A recent battle over affordable housing in Lower Price Hill could get a quick resolution — if Cincinnati City Council votes on $1 million from the city via an ordinance proposed by council member P.G. Sittenfeld.
Cincinnati Mayor John Cranley, who has voiced opposition to the project, has the final call on when council takes up the ordinance, however.
The 47-unit project by Over-the-Rhine Community Housing and nonprofit Community Matters, called LPH Thrives, would include 10 renovated buildings and a new building, as well as mixed-use space. The effort has garnered more than $10 million in investment via Low Income Housing Tax Credits and Historic Preservation Tax Credits.
But the project needs another $1 million in financing. The city recently declined LPH Thrives' application for that money made through its Notice of Funding Availability (NOFA) process. Another 10 projects were funded via that process. CityBeat has requested the scorecards for those projects, but has not received them from the city yet.
Sittenfeld has suggested using federal funds called HOME grants that usually go to NOFA applicants to make sure the Lower Price Hill project happens. Without the final bit of financing in place, the project could lose its tax credits.
Sitttenfeld said that letting that happen is "not an option."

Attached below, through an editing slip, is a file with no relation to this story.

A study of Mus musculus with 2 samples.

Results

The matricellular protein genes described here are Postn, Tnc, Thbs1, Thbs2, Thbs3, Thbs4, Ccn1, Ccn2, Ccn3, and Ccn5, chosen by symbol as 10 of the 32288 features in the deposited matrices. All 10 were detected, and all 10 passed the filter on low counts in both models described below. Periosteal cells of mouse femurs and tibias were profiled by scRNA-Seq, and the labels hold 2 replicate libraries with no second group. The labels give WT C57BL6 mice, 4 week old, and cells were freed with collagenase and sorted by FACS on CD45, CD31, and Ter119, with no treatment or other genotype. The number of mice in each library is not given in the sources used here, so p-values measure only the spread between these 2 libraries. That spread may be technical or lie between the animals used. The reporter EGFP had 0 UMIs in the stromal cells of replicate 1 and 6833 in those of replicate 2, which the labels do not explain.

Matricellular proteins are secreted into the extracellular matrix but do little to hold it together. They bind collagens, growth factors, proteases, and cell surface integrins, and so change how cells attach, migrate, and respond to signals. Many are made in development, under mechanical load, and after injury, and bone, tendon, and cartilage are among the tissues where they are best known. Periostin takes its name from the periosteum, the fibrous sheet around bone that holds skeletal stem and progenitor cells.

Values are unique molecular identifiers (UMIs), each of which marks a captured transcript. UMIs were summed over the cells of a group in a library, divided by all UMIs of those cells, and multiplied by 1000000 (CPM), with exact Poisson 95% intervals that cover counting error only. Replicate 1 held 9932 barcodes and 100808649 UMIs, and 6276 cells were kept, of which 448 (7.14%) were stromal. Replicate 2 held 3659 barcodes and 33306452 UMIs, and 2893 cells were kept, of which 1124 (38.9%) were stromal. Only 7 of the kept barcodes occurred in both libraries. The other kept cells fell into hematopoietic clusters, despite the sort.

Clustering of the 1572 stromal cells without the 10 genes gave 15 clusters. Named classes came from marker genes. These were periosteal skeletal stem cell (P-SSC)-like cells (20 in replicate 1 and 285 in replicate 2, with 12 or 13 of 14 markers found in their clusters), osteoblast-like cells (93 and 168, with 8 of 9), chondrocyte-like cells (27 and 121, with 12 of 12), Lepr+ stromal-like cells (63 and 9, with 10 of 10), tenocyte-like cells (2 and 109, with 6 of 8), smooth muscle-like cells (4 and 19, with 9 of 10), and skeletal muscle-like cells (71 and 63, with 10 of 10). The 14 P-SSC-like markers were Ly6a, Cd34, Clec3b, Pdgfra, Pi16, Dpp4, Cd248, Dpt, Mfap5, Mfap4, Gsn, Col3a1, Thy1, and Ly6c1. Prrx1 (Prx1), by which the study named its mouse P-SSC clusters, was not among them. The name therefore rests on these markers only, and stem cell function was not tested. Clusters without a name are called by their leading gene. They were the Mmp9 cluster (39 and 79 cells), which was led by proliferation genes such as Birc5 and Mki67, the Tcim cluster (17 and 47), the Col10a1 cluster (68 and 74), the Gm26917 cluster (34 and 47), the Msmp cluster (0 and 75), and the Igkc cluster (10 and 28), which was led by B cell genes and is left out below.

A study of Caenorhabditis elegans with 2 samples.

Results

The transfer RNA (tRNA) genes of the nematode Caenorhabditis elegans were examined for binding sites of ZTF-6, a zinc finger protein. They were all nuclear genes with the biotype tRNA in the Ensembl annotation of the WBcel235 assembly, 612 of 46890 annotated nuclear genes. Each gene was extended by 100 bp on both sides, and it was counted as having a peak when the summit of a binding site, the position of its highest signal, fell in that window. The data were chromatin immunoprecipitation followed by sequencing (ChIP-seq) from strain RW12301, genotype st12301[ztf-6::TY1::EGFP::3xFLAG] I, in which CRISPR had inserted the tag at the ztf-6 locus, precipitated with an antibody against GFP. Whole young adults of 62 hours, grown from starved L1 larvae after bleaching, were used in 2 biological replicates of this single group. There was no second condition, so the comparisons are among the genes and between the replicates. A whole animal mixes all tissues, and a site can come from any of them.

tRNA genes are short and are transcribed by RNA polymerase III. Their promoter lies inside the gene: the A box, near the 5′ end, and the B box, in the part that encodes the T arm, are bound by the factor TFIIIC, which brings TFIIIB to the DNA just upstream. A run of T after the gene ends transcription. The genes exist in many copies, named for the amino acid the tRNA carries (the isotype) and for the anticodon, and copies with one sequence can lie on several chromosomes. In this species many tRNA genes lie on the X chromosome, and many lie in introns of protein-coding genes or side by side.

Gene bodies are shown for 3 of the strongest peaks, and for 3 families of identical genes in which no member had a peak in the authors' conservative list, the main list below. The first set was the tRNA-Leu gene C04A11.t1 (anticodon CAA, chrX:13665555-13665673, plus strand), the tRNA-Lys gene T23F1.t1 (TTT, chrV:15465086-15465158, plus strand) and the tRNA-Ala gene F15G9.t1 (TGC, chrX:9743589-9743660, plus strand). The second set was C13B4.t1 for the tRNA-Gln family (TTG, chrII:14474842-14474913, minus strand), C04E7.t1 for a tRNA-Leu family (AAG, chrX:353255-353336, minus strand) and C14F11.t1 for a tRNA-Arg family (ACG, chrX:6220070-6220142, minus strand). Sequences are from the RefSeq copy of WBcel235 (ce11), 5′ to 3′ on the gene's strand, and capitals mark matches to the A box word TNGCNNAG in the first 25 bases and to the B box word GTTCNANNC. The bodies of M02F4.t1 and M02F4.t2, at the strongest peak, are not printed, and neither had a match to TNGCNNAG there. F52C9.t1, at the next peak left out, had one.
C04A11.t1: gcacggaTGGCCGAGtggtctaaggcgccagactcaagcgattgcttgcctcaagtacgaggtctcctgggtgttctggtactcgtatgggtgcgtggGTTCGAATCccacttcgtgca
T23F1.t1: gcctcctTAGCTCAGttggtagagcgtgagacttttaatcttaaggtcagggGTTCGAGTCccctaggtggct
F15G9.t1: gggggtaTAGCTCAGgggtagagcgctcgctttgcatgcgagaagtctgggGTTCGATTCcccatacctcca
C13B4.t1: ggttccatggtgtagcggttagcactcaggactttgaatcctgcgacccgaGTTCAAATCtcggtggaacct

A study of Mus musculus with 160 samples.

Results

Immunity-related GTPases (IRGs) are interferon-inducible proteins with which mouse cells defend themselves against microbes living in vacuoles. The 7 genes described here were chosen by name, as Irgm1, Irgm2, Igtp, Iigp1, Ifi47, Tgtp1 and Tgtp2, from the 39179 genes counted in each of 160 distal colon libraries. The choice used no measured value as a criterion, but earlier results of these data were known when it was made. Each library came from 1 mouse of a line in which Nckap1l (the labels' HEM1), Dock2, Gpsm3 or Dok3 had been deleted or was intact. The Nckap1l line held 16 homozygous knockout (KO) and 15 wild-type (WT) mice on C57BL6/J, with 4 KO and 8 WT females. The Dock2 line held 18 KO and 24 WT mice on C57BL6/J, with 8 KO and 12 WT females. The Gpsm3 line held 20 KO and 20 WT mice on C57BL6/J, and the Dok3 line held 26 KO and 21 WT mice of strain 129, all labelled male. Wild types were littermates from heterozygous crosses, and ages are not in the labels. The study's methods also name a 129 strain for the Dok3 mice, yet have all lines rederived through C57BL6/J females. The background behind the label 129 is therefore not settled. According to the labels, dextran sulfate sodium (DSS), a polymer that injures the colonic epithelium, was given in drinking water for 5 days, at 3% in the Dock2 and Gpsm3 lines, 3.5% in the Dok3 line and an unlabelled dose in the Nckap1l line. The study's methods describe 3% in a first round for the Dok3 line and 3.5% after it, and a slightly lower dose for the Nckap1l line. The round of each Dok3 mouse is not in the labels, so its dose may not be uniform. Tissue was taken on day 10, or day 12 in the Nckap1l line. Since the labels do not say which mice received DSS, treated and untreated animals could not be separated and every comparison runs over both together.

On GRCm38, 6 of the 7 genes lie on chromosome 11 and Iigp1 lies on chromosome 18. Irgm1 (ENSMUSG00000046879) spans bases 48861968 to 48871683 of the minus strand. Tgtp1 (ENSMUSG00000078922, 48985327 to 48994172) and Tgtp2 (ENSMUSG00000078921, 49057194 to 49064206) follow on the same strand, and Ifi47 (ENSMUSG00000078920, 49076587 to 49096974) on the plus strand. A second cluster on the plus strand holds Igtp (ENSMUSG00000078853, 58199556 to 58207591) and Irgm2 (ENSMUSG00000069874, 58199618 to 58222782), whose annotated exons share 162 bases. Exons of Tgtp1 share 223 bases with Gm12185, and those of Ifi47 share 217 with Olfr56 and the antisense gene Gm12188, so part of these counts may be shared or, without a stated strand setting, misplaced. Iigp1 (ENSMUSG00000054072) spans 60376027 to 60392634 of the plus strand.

"This is a project worth fighting for and worth saving," he said.
The city has cited code violations on buildings owned by Community Matters as a reason for turning down its loan application, but Community Matters Executive Director Mary Delaney says the nonprofit seeks out buildings in bad condition to renovate and that those code violations preexist the group's ownership.
Mayor Cranley has said he prefers home ownership initiatives like one Habitat for Humanity is undertaking in the neighborhood that will renovate eight houses for low-income families. That project got NOFA funding.
But supporters of LPH Thrives, including Habitat for Humanity Cincinnati CEO Ed Lee, say that both rental and home ownership opportunities are needed for low-income families like those in Lower Price Hill as the city faces a 28,000-rental-unit affordable housing deficit. The median income in the neighborhood is just under $15,000 a year.
Delaney vowed to keep pushing the project forward and said she hoped the money would materialize.
"I just can't wait for you to come back when these buildings are full of families," she told a group attending a news conference announcing Sittenfeld's ordinance outside some of the buildings slated for potential renovation under the project.
Sittenfeld's office has requested the ordinance be put on next week's Budget and Finance Committee meeting. That call, however, belongs to Mayor Cranley.